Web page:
We cannot overhype the importance of discussing what you do and don't like in bed — and we don't just mean sexually. Turns out, a survey from the team over at Leesa (that mattress company you might recognize from their collaboration with West Elm) suggests that a couple's bedroom bad habits—from hogging the covers to playing around on an iPhone — can affect their sleep quality and their overall relationship. (Looking at you, cover snatchers!)
After polling 983 people, the results covered everything from annoying "bedtime bothers" to who's calling the shots between the sheets to the specific rules that are being laid down.
You can read all the findings here, but we've highlighted the few that we found most fascinating below.
1. Don't Fight in Bed
We're sure you've heard the adage "Don't go to bed angry" before, so you won't be surprised that it ranked as the number one commandment for people in the bedroom. In second and third place respectively, we have "No food or drinks in bed," and "Stay on your side of the bed." Breakfast in bed is such a cute concept, but in reality, bacon grease is difficult to get out of Egyptian cotton.
2. So, Who's the Real Boss of the Bedroom?
Interesting to note: 75 percent of survey participants claimed they'd never created any bedroom rules with their significant other. More interesting to note: Of the 25 percent who did, women had more say and were more likely to initiate rules than men. (Though, thankfully, the majority of respondents said bedroom rules were decided upon in mutual agreement!) Most interesting to note: Even though they weren't as involved in establishing rules, men were actually more likely than women to say that they attempt to change their partner's behavior if they notice he/she isn't following the rules. If women are more likely to lay down the laws, but men are more likely to enforce them, we guess we're all bedroom bosses in a way.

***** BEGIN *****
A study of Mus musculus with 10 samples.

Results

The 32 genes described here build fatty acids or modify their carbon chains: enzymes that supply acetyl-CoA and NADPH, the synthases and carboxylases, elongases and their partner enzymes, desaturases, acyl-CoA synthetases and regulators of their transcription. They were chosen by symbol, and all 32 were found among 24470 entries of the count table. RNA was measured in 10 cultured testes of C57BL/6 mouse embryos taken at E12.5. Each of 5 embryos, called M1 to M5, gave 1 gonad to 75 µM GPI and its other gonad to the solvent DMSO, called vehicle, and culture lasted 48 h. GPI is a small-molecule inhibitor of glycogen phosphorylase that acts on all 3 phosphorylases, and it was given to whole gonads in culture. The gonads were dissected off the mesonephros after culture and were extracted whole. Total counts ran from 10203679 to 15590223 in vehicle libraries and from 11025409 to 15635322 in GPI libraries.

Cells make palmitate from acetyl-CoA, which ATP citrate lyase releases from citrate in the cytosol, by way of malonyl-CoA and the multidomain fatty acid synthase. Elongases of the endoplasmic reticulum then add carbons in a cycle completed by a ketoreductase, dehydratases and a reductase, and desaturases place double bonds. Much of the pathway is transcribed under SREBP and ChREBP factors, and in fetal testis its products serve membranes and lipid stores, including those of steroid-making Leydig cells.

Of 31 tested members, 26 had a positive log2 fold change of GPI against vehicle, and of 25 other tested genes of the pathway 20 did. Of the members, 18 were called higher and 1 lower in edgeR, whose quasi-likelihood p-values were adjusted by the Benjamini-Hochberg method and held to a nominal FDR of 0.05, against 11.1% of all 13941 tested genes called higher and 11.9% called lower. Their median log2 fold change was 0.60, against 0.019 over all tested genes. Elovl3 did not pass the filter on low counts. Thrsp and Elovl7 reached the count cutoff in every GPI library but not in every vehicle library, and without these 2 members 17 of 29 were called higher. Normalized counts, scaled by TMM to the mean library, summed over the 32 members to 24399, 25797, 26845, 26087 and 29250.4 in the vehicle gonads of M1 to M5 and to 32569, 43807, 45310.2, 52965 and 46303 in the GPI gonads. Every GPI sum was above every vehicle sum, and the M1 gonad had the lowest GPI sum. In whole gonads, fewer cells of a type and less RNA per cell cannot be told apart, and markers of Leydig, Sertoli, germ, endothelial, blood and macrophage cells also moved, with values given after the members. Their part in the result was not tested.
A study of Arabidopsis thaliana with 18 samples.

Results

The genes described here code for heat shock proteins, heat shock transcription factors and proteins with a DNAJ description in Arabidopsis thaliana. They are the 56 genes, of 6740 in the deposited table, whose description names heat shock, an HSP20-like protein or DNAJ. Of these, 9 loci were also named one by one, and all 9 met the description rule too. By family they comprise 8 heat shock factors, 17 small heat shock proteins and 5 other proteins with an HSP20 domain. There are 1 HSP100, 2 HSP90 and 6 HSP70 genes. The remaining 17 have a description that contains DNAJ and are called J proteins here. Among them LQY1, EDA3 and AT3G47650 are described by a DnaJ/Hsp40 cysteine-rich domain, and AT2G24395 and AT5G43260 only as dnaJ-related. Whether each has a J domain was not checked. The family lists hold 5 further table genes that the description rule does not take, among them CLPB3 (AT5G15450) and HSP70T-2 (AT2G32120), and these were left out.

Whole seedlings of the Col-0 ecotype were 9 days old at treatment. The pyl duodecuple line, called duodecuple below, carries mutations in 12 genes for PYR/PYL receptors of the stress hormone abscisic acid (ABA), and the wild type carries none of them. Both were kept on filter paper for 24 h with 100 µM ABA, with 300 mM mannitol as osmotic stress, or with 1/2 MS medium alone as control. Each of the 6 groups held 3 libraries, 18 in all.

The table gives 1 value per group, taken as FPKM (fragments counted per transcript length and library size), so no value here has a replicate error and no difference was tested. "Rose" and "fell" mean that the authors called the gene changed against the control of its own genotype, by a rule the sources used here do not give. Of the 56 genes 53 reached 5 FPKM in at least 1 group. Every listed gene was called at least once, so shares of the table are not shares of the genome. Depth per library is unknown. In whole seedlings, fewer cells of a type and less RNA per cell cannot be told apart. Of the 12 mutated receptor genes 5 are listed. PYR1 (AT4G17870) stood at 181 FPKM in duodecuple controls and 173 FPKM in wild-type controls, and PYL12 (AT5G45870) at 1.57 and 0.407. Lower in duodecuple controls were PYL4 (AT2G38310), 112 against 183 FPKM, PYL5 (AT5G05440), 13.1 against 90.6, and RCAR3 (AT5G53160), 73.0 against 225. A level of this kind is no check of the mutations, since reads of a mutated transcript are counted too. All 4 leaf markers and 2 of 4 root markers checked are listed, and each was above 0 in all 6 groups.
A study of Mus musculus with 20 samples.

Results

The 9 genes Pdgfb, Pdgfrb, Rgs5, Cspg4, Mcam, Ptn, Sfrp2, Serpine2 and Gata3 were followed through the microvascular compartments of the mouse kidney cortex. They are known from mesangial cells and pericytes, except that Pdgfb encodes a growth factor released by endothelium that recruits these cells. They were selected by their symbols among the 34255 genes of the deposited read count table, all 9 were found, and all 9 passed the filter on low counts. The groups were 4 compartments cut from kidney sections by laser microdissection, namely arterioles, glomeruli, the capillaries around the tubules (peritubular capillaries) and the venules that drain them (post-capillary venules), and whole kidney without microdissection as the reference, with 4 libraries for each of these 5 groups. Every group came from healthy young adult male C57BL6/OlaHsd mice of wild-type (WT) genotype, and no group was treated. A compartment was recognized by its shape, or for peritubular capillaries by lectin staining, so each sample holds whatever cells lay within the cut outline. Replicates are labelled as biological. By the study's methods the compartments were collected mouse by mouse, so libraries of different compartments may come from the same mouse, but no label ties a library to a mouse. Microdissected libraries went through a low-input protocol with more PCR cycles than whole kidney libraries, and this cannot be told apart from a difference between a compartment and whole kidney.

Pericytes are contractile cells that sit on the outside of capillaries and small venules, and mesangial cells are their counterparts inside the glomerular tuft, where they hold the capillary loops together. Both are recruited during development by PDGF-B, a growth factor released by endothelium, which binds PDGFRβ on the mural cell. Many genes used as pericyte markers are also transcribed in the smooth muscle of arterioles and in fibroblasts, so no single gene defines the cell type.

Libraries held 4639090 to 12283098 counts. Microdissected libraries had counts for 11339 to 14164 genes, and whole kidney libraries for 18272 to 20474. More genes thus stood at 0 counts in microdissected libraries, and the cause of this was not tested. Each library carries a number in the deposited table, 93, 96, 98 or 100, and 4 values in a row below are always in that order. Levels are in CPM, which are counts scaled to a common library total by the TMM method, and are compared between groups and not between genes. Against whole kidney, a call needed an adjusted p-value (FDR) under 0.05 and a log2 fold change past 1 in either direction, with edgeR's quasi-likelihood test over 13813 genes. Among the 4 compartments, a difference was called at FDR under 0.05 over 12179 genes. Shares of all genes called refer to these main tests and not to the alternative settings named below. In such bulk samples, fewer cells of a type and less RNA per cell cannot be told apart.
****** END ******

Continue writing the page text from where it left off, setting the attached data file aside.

3. A Fourth Of Couples Argue About At Least One of These 15 Annoyances
For the extra curious, here's a breakdown of fifteen irritating bedroom bothers, in order of what was agreed upon by the most participants and by gender:
4. Say Goodnight to Your Partner After You Say Goodnight to Your Phone
The survey asked how often people's last interaction of their day was with their partner versus their phons, and then compared those responses to overall relationship satisfaction. Guess what? People who reported dissatisfaction were more likely to have their last communication of the night with Instagram or a texting recipient, as opposed to the person sleeping next to them. What we're inferring here? If you start to notice some hiccups in your happiness as a couple, right before bed is the time to put your phone down and talk about it.
5. Sleeping Separately Might Mean Better Quality Shut-eye
If you currently share a bed with someone who suffers from restless leg syndrome, foghorn snoring, insomnia, or any number of sleep-sabotaging conditions, you can attest to this survey's findings that 47 percent of women and 36 percent of men sleep better when their partner isn't there. But what you may not have predicted is that almost a third of women and a fourth of men actually said they'd be willing to sleep separately from their partner if it meant sweeter dreaming. What's more, five percent of women and 2 percent of men already bunk alone.